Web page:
The National Hospital Insurance Fund (NHIF) announced major changes to its coverage terms for self-employed contributors. The National Health Insurance says the changes are necessitated by the need to position NHIF towards the achievement of universal health coverage as well as enhance members’ retention. But, the punitive measures introduced could work against the goal to retain members.
NHIF has termed this change as a “Member Management Review”. The intention, we think, is basically to manage its cash flows because they affect members’ contributions into the fund. Are these new regulations justified? What does this mean for Kenyans? What are we looking at? Let’s quickly break down these regulations for you.
The first thing NHIF has done is to increase the waiting period for new members from 2 months to 3 months (90 days). Within this period of time, a member is expected to pay upfront for the one year cover, that is, pay Kshs 6,000 in premiums. This translates to about Kshs 2,000 per month instead of the Kshs 500 monthly for 12 months that members have been paying. There is also a 6-month waiting period for dependents disclosed following the initial registration, a 30 day waiting period for additional dependents and a 6-month waiting period for specialised services.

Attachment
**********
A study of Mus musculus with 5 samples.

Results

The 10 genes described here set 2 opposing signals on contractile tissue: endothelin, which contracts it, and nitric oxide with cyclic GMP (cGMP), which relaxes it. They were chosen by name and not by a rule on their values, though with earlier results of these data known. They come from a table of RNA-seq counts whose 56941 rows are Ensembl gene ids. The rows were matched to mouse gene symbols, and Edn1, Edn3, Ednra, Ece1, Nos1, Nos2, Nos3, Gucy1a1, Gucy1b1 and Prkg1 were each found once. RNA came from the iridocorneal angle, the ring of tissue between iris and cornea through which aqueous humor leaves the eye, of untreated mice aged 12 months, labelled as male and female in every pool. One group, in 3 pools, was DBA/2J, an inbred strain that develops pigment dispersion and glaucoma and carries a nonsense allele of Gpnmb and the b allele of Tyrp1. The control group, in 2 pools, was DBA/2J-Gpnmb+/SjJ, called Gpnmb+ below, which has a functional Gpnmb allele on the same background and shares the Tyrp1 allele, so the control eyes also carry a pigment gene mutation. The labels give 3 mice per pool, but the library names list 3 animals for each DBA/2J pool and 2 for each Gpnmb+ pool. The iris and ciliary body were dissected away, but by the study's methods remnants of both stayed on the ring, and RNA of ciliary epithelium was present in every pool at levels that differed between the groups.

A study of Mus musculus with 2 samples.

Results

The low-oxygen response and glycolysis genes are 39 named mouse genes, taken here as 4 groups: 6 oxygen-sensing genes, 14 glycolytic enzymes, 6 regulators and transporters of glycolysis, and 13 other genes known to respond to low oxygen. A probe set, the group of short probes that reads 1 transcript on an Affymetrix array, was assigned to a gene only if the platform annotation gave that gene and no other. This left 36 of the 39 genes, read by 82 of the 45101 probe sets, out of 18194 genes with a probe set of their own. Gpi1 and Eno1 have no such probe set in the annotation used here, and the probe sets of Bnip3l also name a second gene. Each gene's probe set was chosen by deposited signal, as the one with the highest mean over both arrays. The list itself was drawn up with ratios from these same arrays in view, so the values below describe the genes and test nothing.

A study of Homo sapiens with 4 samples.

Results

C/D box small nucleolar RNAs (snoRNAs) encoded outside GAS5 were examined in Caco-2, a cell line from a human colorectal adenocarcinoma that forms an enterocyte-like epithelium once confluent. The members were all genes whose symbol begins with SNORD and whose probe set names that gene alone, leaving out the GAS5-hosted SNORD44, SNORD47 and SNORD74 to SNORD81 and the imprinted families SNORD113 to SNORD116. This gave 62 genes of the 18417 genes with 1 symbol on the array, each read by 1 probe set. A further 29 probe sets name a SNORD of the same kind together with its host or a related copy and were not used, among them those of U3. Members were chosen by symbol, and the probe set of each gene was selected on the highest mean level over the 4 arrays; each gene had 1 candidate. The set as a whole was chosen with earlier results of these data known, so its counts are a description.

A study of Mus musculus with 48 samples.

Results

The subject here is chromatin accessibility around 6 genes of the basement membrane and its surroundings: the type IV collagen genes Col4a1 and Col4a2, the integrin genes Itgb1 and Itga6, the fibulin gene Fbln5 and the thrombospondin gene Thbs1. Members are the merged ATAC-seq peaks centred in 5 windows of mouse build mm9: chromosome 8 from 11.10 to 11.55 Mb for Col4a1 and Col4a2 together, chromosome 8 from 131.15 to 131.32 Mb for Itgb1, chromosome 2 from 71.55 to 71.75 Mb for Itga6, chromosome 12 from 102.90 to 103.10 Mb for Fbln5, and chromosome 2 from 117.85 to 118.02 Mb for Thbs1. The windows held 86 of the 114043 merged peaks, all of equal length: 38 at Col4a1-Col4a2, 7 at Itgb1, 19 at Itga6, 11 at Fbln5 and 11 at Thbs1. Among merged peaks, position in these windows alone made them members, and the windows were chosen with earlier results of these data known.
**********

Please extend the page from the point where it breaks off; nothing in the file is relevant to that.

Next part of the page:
The second change in coverage is a 50% penalty for every month that one will have defaulted or not paid the premium. For example, if you default for one month, you will need to pay an additional Kshs 250 bringing your total to Kshs 750. This is for a maximum of 11 months for each month in default. If one defaults for over 12 months, then you’re considered a new member and must start afresh. This means you must go through the three month waiting period.
Maternity access will have a 6-month waiting period and new births must now be declared within 6 months. If a member defaults, maternity access is now restricted to six months after the card matures.
The NHIF has also limited the dependents to a single spouse and five children. This will make it more expensive polygamous families across the country, to access medical treatment.
However, there are specific programs run by the NHIF that are exempt from these changes, these are; Inua Jamii program, elderly persons with a disability, Linda Mama, and the Health Insurance Subsidy.
Are these changes likely to have more people retained within the scheme? The answer is probably not because low and middle-income Kenyans are not used to paying for medical insurance. Most people only take action when they fall ill. And, almost 50% of the population lives under a dollar a day so to ask people to pay the annual premium of Kshs 6,000 in three months is a tall order. With these changes, the government is unlikely to meet its stated goal of universal health care for all Kenyans.
It is yet to be seen whether these changes will remain given that the National Assembly’s Health Committee has already written to the NHIF Board demanding that the rules be suspended until the Board meets parliamentarians.